By Paul Halas

Our television has led a charmed life in recent weeks. Every time a Conservative minister appears behind a lectern emblazoned with “Protect the NHS” it’s a miracle the set isn’t smashed by a flying vase.

Abraham Lincoln somehow failed to mention that you can fool most of the people most of the time, but looking at the Tories’ popularity ratings that appears to be the case. Keir Starmer’s less than scintillating opposition could be a factor, but how on earth has a party that has systematically run the NHS into the ground, ignored the 2016 Cygnus Report that warned of our acute unreadiness for a respiratory virus pandemic, and followed such a flawed strategy that we now have the largest number of Covid deaths in Europe, managed to hoodwink so many? The media – with a few noble exceptions – has acted as an uncritical government mouthpiece, repeating misinformation and failing to challenge ministers for a string of failures. We truly deserve better, and regarding the NHS the government really should be held to account.

… [the government] hasn’t just taken a leaf out of Tony Blair’s book in finding a good time to bury bad news, it’s nicked the entire book.

Perhaps the most outrageous aspect of the government’s hypocrisy over “protect the NHS” is the fact that it’s still running it down while the country is in lockdown. In fact it hasn’t just taken a leaf out of Tony Blair’s book in finding a good time to bury bad news, it’s nicked the entire book. In recent weeks ministers have been using special powers to bypass normal tendering and award new contracts to private companies without competition. The Tories’ own rules are being broken!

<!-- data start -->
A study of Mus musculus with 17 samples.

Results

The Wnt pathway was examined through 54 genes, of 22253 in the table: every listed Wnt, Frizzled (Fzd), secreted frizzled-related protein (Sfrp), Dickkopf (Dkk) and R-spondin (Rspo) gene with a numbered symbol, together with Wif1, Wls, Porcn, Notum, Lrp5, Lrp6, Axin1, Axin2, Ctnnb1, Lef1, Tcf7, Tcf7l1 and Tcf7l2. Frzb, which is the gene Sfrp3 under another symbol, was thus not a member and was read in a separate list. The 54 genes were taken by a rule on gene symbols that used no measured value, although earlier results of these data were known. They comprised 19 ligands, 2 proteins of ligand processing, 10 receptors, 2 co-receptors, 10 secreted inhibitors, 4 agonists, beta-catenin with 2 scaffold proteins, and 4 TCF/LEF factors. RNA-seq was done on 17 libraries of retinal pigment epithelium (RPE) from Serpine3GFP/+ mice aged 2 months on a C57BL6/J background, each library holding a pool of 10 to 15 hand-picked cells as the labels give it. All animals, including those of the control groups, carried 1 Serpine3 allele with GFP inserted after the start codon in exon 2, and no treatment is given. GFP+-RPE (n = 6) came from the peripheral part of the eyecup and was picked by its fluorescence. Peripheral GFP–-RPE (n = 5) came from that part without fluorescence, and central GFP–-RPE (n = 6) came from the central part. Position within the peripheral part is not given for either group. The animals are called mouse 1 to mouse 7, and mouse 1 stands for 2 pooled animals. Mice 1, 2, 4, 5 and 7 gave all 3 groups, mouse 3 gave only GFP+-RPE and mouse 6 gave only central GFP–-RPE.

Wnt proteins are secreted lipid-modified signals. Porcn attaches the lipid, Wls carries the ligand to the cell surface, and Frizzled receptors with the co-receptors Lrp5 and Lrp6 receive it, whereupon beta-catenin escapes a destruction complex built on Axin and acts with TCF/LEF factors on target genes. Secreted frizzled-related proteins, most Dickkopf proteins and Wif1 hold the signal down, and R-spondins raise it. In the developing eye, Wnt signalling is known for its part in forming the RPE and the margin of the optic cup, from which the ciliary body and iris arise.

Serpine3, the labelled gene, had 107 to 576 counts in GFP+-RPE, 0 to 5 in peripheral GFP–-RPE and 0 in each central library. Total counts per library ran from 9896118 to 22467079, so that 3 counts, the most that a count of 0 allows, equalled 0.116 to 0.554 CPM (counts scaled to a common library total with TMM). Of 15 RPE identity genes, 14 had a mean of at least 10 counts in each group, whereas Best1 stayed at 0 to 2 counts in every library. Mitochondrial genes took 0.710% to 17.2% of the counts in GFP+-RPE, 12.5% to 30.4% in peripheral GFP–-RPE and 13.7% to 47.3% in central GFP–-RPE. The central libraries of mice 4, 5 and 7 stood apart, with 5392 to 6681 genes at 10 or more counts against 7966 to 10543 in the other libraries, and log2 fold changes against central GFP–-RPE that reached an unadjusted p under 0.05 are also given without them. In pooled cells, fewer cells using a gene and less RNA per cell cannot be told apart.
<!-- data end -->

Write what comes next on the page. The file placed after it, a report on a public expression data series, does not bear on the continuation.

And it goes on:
A string of corporations, many with ties to Tory figures, are getting new business regardless of their suitability or expertise. These include Deloite, Mitie, Boots, Sodexo and Serco, and Covid data processing is now in the hands of an American organisation. All, let’s not forget, at taxpayer’s expense. Dismantling and privatisation continues unabated.

Margaret Thatcher, Nicholas Ridley, Theresa May, George Osborne, Boris Johnson, Dominic Raab, Jeremy Hunt, Nick Hancock, Dominic Cummings and Michael Gove, to name but a few, have all at various times stated their ideological disapproval of a state welfare system and preference for an insurance-funded private health service instead. A few thousand extra deaths aren’t going to throw that off course.Protect the NHS? They’re having a laugh. Our TV remains in a high risk category.


Paul Halas’s escape from 1970s hippidom was the discovery that he could invent stories. He spent forty years contributing to various Disney magazines and books, as well as a variety of non-Disney comics, books and animated films. His retirement from commercial writing coincided with Jeremy Corbyn becoming the Labour Party leader, which led to five years’ political activism. He left the party two years ago with a heavy heart.